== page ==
Promise Eze writes,
It came as a surprise that one can actually earn first class at the department of economics. For years it has been rumoured by students and others that earning first class at the department of economics is a tall order. It’s a task almost impossible, they claimed. So when Abdulrafiu Toheeb broke a decade–old jinx by graduating with a CGPA of 4.64 the entire campus was shocked.
So how did he achieve this feat? I interviewed Toheed to find out. Here is the inside story.
The Narrative: Good Grades Are Impossible To Get
The young man came into Usmanu Danfodiyo University, Sokoto, with big dreams for himself. But no sooner had he placed his foot on the desert sands on campus did discouragements from people hit him hard. He was told that economics was a tough department and that it was impossible to earn good grades. Toheeb’s hope for a smooth ride on campus was shattered. He almost gave up. But he encouraged himself to keep moving.
Taking a cue from Idris Mubarak Maibasira, a 300 level student at the department of economics who later became the Students’ Union president, Toheeb vowed to work for nothing but straight As in all his courses.
Idris Mubarak Maibasira was rumoured to be an outstanding student. Toheed took him to be a role model.
“I remember when someone told me and my friends that Maibasira had straight As in a semester or so. The way people portrayed economics department made it seem he was a magician.
“But against all odds I promised myself that I would do better. Right from my 100 level I beat his 9As and the same person who told me the Mai Basira story upon hearing mine saluted me,” said Toheeb.
Changing The Narrative—The Strategy Was His Reading Method
During his first three years, he resided at a village some 30 to 40 minutes away from school. Having known that the department of economics is no playing ground he had to buckle up.
He made it a habit to read in the morning as early as possible. After observing his morning prayers he would from the masjid head to a nearby primary school to study. He wouldn’t go back home till 4 pm and after observing his eveving prayers he would leave to read again.
“Although the trend did change eventually, I always believed in reading at the earliest hours because that’s when I comprehended more and it had a lot of advantages,” said Toheeb.
Toheeb would make summaries of his notes and explain them to himself. He did all he could to understand what he studied and if it proved difficult to understand he would resort to explaining what he was reading to his course mates. This enabled him to become familiar with the concept and context of the course and it saved me the stress of repetitive reading. He never had a reading partner. He would only engage in group discussions occasionally. His reading pace and style was very different from his friends so he couldn’t pair with anyone.
Economics is laden with mathematics. And mathematics proved to be a challenge to Toheeb. He lacked dexterity in calculations from his secondary school days. He would skip mathematics classes and he disdained maths teachers. But knowing full well that mathematics is part and parcel of economics he had no choice than to love it.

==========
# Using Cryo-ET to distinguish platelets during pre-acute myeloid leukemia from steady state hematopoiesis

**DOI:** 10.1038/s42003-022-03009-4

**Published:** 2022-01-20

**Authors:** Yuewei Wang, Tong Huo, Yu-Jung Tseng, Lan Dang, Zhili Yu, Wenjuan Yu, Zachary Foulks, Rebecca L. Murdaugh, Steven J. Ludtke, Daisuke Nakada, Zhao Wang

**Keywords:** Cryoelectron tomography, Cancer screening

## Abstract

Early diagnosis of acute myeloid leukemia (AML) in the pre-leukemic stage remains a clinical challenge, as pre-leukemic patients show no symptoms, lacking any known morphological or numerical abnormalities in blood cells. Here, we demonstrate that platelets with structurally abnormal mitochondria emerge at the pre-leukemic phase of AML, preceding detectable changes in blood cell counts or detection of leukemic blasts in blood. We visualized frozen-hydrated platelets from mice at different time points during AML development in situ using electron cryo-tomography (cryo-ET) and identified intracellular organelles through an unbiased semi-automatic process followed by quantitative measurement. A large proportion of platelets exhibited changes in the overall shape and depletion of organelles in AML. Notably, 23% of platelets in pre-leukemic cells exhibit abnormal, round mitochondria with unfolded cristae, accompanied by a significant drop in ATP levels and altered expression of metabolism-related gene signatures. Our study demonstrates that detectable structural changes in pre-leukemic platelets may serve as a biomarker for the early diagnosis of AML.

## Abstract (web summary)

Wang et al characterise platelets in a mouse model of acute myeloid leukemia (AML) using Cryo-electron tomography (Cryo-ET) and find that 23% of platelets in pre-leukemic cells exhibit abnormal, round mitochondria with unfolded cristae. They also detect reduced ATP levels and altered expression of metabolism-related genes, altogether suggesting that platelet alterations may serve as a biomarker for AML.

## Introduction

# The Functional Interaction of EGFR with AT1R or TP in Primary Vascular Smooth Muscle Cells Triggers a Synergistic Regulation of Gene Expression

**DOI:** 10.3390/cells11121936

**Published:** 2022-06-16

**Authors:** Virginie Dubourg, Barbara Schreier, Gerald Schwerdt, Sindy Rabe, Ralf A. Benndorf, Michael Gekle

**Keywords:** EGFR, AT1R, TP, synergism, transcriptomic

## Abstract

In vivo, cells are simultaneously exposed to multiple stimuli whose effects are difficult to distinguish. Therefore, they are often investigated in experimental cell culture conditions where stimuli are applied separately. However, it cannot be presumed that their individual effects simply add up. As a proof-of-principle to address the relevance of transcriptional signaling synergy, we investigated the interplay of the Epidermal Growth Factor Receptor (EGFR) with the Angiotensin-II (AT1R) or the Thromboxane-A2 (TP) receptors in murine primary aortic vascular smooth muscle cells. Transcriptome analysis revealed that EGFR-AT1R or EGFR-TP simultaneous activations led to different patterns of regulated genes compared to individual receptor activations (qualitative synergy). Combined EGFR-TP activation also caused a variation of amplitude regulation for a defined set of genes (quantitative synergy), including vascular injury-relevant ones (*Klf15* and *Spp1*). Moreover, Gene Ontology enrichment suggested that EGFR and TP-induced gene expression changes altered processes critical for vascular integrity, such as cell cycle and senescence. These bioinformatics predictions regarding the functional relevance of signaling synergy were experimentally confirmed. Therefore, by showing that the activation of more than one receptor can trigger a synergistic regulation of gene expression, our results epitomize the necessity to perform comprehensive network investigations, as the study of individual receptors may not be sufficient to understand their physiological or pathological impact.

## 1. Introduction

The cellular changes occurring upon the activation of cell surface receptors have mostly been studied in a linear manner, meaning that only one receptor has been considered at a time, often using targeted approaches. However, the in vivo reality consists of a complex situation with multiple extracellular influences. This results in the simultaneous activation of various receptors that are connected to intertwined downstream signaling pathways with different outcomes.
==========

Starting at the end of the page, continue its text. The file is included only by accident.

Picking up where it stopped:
“I had a friend at the time — a student at the department of physics whom I met regularly to guide me in mathematics. He didn’t teach me much, sadly He just gave me some steps to note while solving and adviced me to practice mathematics regularly. I spent a lot of sleepless nights practicing and soon there was practically no question in calculus I couldn’t solve,” Toheeb explained.
Did Toheeb Ever Fall in Love?
At first, relationship to Toheeb was a no go area. It semmed poisonous to him. But in 300L he succumbed to the power of love.
“My girlfriend encouraged me. She gave me reasons to read more. In fact, she would challenge me to be a better person,” he said.
Who Were His Friends?
“I didn’t really hang around school except during lecture hours. After receiving lectures I head for home as the crow flies. So, I was hardly seen around people. But I made few friends who were in my department too. My friends were avid readers. I used to think they were the reincarnation of Adam Smith,” Toheed said.
Extracurricular Activities Did Not Affect His Grades Negatively
Contrary to popular belief that engaging in extracurricular activities could bring one’s CGPA down, Toheed was a member of a renown club on campus—the African Students for Liberty, UDUS Chapter, and this did not bring down his grades. Instead, it made him even more brilliant. In fact, this year he was the winner of two reading challenges in September and October respectively.
Toheeb’s Advice For Students Still In School
“As students we have individual differences. The best way to go about this is understanding where our own weakness are and taking the necessary actions to fight them.
“What has always been a problem I noticed is our individual self-pride. You can’t ask me because we’re course mates and you don’t want me to feel I’m superior to you. This is detrimental to our growth. We need to learn how to organize ourselves into learning groups, discussion groups and learn from each other. Not all things are taught in classes,” Toheeb advised.
And He Changed The Narrative
He did not succumb to the power of the forces that came to drain him of the dreams he had for himself. He did not kowtow to failure. Economics is difficult, they say. But somebody has just proven that with hard work it can be indeed easy. We should all take a cue from Toheeb.